As Kenya launches the Universal Health Coverage (UHC) pilot project Lilian Kaivilu spoke to Githinji Gitahi, co-chair of the UHC 2030 Steering Committee, on the important role community health workers will play in UHC.
QUESTION: In the recent years, Kenya has experienced shortage of health workers at all levels. Should this be a concern as the country launches UHC?
ANSWER: No country can say they have enough health workers for UHC. The latter is a continuous thing because populations are changing and there is a demographic shift of diseases. So the question is what can we offer with the health workers we have as a starting point.
We have to launch UHC and then start building the journey. We cannot wait until we have enough health workers. We need to recognise that we do not have enough human resource then put in place measures to ensure we have adequate numbers as we continue implementing UHC.
Q: Having joined other lower middle class economies after rebasing her gross domestic product in 2015, Kenya is likely to see reduced donor funding in the health sector. How should the country prepare for this by 2030?
A: The country currently receives about $900 million (Sh92.2 billion) from donors. The rest of the money comes from the government and people paying from their pockets. Therefore, the country needs t find ways to convert the out-of-pocket expenditure into premiums through the National Hospital Insurance Fund (NHIF) so that people can access health without worry. We should aim to reach a minimum of 15 per cent of total budget being allocated to health by 2030.
Q: What will be the role of community health workers (CHWs) in the envisaged dispensation?
A: CHWs are the foundation of a good health system and if we do not build a good foundation, then everything else is going to be weak. This is because these are the people who ensure that households have toilets, dispose of rubbish in the right manner, have hand washing facilities, trace tuberculosis patients and maintain their data base.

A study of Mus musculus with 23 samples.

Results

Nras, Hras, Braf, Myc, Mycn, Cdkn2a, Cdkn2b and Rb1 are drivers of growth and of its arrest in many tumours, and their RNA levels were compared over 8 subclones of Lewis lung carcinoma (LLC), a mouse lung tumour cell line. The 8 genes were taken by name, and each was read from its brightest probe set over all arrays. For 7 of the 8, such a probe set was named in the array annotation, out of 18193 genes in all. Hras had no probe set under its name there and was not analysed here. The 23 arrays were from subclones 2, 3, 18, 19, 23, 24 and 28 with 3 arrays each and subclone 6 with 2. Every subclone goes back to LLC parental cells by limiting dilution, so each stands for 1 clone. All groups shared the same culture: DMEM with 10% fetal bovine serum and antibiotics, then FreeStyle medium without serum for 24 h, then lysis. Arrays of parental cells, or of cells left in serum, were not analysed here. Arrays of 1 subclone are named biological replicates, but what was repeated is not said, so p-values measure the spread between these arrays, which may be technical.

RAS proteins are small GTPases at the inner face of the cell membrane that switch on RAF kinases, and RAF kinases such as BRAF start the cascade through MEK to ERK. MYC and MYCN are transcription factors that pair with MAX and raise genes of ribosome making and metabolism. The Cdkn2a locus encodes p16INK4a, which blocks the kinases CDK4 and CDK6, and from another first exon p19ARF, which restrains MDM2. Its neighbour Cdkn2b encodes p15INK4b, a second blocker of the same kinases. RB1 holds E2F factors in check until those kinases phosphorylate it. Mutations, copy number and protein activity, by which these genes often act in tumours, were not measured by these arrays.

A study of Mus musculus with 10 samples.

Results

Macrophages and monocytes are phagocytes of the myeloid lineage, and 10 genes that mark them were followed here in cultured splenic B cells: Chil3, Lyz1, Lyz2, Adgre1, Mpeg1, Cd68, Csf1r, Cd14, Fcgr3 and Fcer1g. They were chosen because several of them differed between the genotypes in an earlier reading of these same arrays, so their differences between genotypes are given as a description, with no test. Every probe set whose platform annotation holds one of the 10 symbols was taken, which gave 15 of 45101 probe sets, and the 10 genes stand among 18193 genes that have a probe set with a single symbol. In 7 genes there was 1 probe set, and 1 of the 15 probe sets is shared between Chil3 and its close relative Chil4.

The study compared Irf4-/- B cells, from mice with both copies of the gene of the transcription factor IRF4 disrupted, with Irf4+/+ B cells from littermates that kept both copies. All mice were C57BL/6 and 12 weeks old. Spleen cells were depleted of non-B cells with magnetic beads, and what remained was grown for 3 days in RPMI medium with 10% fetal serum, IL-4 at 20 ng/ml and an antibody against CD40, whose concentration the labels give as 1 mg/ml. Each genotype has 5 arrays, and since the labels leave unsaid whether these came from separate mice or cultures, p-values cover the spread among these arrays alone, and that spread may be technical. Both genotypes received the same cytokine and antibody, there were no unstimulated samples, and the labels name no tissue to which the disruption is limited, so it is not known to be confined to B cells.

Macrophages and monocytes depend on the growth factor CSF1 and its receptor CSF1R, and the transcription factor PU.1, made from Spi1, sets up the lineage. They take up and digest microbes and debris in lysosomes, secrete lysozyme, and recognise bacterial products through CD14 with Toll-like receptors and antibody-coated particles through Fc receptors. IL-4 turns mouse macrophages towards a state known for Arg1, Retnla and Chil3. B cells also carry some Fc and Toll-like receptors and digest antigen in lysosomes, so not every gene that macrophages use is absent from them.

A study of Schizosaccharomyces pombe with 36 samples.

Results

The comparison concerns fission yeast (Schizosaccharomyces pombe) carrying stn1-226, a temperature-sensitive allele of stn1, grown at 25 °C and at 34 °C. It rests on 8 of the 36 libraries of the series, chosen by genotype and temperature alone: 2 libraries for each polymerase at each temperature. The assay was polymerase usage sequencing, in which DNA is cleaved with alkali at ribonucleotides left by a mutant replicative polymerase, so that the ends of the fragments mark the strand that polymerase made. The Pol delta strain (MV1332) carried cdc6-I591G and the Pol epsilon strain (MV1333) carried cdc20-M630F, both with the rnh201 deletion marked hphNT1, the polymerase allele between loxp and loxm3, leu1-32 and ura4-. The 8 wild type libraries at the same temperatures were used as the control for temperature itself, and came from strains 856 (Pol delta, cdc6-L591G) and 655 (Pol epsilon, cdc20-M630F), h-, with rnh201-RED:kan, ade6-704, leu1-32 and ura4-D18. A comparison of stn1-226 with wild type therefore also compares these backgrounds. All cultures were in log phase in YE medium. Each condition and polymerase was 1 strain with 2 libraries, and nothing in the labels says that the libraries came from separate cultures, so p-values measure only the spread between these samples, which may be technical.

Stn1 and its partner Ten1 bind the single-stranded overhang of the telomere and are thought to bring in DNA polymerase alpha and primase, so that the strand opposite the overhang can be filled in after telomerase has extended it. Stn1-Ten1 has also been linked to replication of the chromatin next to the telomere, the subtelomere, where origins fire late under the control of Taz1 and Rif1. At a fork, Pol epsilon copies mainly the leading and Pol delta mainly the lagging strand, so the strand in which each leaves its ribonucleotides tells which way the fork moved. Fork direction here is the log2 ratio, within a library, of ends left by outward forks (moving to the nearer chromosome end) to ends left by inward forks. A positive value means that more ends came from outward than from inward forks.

Q: Currently, many CHWs offer their services voluntarily at the community level. Should their remuneration be a point of attention?
A: The challenge we have, is that for a long time we have failed to recognise and put them on the payroll. This is because the partners have continued to support them. As Amref Health Africa, we are trying to put a bill in parliament to ensure that CHWs are integrated, regulated and remunerated as part of the health system.
We, however, have not reached the tabling stage of the Bill. But eventually the solution will be to formalise CHWs, know who they are, train, regulate and pay them. There is no other way out.
Q: So what should be the solution in the meantime?
A: If we do not integrate the CHWs in the four plot counties, we shall fail. Out of the Sh3.9 billion set aside for the UHC pilot programme, there is some money that has been allocated to ensure that we have community health services fully integrated.
We do not have enough community health units that are operational in these four units. One of the key things is to operationalise these units in the four counties.
Part of the money will also be used to train community health extension workers (CHEWs) who will lead the community health units.
Q: Who pays for this training? The CHEWs are going to be trained through the medical training colleges. There is a curriculum that has been developed on the same. We are therefore asking counties to pay for this training. The average cost of training one CHEW is Sh50,000 to Sh80,000 for a period of six to eight months.
A: What lessons that Kenya can learn from other countries in Africa that have embraced use the UHC model?
Rwanda is a good example. They have a system where about 90 of the people have a functional health card. The country has also formalised their community health services through cooperative societies and this way, they have achieved commendable progress in maternal health and child mortality. We need to learn from Ghana’s failed system.
Initially, the country provided a very generous list of essential services. They, however, got to a place where they could not afford it and, therefore, they had to take several steps backwards. If we promise more than we can offer as we launch our UHC, we may end this way. Let us start modest and then build up. We must not start by being over optimistic.